Wilsonville police are warning residents to be aware of scam artists after a Charbonneau resident had valuables stolen.

Wilsonville Police Chief Robert Wurpes said to be on the lookout for a man and woman, believed to be between 40 to 50 years old, who are targeting elderly and vulnerable people with a scam.

"Always be alert," Wurpes said. "Scammers have always been around, and if something seems too good to be true, it probably is."

According to Wurpes, the couple pulled up to the Charbonneau victim's residence while they were working inside their garage and began asking questions about the neighborhood in a distracting, rapid-fire manner.

The woman got out of her car and began draping jewelry on the victim while still carrying on the conversation. She told the victim that this was part of her culture and tradition, Wurpes said.

"Keep a safe distance from folks, there should be no reason for physical contact with strangers," he said.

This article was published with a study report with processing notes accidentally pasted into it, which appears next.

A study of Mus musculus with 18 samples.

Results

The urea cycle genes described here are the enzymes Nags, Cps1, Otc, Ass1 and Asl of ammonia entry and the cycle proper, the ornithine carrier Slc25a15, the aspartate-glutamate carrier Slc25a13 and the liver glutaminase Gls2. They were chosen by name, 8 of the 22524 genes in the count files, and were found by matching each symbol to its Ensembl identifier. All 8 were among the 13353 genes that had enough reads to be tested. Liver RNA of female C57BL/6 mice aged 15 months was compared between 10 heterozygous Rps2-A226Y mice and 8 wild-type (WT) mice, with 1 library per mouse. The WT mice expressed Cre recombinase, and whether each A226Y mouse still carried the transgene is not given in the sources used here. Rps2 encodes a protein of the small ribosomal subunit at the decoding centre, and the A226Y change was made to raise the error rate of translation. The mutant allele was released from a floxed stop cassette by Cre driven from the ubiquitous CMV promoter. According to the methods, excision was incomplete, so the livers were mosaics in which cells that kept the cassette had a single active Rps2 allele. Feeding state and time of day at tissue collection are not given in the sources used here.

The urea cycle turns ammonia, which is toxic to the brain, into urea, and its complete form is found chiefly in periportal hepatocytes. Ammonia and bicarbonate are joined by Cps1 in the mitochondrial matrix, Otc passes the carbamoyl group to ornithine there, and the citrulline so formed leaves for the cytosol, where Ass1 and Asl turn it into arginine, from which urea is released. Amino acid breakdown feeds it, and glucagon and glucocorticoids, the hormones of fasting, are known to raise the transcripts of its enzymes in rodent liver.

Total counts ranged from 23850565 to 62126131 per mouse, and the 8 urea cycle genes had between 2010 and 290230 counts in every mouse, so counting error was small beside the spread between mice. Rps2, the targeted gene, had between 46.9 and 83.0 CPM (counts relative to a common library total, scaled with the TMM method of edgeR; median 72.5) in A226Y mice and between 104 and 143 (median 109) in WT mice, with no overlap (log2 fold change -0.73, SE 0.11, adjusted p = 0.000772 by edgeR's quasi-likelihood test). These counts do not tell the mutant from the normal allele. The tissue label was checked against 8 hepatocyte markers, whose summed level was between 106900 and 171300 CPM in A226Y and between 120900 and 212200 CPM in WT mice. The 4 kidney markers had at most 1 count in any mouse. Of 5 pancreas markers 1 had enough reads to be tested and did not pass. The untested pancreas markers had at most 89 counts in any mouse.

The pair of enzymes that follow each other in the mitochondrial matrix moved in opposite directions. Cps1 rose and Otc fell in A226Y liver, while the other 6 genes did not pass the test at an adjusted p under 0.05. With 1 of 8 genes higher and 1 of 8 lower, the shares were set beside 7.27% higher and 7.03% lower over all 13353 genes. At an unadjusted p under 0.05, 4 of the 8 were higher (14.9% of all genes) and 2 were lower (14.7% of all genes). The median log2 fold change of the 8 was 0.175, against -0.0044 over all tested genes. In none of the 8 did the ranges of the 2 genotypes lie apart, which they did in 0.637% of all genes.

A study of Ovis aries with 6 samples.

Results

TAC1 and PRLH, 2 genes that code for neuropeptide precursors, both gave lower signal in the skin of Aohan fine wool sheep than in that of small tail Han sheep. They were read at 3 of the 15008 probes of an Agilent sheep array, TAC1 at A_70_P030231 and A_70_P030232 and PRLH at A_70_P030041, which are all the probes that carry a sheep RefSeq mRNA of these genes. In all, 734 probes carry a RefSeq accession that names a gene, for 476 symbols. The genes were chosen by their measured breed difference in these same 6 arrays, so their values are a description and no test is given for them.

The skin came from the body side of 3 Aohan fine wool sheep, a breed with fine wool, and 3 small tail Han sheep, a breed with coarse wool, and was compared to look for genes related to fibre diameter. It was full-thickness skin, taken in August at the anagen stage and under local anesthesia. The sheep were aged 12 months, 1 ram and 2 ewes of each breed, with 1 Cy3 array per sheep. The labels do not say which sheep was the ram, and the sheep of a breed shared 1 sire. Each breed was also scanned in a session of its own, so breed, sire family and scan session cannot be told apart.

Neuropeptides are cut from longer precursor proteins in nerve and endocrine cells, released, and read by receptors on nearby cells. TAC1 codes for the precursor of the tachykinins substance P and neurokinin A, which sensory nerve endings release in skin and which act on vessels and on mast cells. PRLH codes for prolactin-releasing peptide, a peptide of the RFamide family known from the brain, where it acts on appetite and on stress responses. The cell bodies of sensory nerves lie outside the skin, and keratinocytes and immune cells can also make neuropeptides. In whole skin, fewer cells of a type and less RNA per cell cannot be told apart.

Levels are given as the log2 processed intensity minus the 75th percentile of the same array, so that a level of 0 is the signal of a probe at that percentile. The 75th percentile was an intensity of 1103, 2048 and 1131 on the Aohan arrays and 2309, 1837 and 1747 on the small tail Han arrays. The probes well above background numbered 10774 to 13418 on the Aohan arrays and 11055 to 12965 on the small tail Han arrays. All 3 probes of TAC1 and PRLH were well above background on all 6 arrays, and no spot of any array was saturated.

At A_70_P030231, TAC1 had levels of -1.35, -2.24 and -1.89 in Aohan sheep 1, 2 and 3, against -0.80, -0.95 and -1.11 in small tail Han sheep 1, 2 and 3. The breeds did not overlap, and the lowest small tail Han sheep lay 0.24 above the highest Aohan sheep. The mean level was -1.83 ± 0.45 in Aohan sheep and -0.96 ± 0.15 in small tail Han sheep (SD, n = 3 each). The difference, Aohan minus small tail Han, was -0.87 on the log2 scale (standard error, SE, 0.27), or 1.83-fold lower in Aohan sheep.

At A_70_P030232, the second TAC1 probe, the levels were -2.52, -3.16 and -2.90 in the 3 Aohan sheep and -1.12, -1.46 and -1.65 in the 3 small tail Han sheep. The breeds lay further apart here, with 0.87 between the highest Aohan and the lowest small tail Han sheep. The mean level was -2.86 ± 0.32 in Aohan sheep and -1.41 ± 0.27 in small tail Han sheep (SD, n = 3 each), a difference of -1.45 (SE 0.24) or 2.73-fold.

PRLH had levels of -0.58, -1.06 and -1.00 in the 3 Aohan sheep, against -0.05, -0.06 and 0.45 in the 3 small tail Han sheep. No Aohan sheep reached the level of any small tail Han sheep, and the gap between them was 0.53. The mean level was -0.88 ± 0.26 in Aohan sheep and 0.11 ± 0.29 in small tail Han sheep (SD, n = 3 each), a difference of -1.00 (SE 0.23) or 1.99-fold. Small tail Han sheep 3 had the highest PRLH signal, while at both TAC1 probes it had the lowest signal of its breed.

She then grabbed the victim's hand and gave them two rings while also quickly removing the victim's Rolex watch and tying it off inside a sock, Wurpes said. She gave the sock back to the victim, and by the time the victim had untied the sock to get their watch, the couple left.

Inside the sock was a fake Rolex that mildly resembled the victim's original one, Wurpes said.

Similar reports have been made in Washington county, Beaverton and Woodburn, Wurpes said. The couple is also said to pretend to be broken down on the side of the road and flag people down for help, and then pay those who assist in jewelry.

"If you have had something stolen, or believe your identity, credit or bank information may have been compromised, please call us at our non-emergency line: 503-655-8211," Wurpes said. "One of our officers can discuss actions to take to protect yourself and, if needed, investigate the incident."

There are a few ways to protect yourself if you feel like you may be getting scammed, Wurpes said. Maintain a safe distance and leave the scene if you feel uncomfortable. Verbally expressing discomfort with something is fine too, Wurpes said.

It's important not to create an environment where we don't help someone in real need, he said, but there are ways to mitigate risk such as by making a phone call for someone instead of handing them your cell phone.

"True scammers don't deserve your kindness. If you are unsure, or just uneasy, just take a 'phone call' as you leave the scene," Wurpes said.